Manufacturers and retailers end goal is to increase profit and unfortunately serving size is something that helps drive profit.
The coffee shop I love changed their drink sizes a few years ago. Small had been 8oz. became 12oz. Medium which had been 12oz. became 16oz. Large had been 16oz. became 20oz. The first few weeks of the change I would order a Large when I meant to order a Medium. It took deliberate effort to remember to order the right size.
Along with this the price increase was strategically set to have the largest price be the "best value" (like Movie Theater Popcorn).
I doubt anyone took a calculator and estimated how much fatter this change would make the customers.
To put it in perspective, I looked up the nutritional info of the nation's largest coffee chain and their 20 oz. Mocha with whole milk and whip cream has 90 calories more than their 16 oz version.
That 90 calorie increase adds up: order the new large 5 days a week that would be 450 calories more a week or 23,400 calories more over the course of a year. Over the course of a year this could be 6 extra pounds, over the course of 10 years, that one change could add 60 pounds.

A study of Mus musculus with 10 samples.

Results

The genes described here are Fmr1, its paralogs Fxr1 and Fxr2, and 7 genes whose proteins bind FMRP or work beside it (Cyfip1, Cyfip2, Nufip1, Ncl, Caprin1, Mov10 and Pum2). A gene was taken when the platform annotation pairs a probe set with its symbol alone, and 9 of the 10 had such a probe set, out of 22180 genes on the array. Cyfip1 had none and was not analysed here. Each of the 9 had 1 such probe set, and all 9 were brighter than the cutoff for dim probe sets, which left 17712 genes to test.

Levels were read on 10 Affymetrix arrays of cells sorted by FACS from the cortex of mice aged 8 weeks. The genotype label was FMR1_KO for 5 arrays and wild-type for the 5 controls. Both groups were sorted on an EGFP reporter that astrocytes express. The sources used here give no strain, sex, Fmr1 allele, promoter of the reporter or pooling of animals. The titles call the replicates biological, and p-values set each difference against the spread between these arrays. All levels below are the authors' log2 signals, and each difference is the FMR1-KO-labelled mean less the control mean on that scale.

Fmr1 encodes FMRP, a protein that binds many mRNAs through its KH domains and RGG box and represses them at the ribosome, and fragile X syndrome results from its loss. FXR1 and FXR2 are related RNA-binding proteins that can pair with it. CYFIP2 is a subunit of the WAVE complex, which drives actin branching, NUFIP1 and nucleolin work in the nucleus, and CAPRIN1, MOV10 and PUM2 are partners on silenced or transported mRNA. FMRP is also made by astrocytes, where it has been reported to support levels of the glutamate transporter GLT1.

Small changes over time add up. This is true as it increases the scale, it is also true as you make slightly better choices and watch the scale descend.
The next time someone gives you a serving of food, slow down and think about how much of it is your personal serving size. This is something that should change day to day dependent on what you are craving and how hungry you are.
Tonight, after a long day of projects the idea of cooking just wasn't on the table. We ordered a medium pizza with light cheese, pepperoni, black olives, mushrooms and onions. I made myself a salad as my main dish, had my one slice of pizza slowly and ate another large bowl of salad (mixed greens, kidney beans, and a splash of balsamic vinegar without oil) to feel satisfied to the point where I didn't want a second slice. This is helping me reach my new current goal of seeing 149.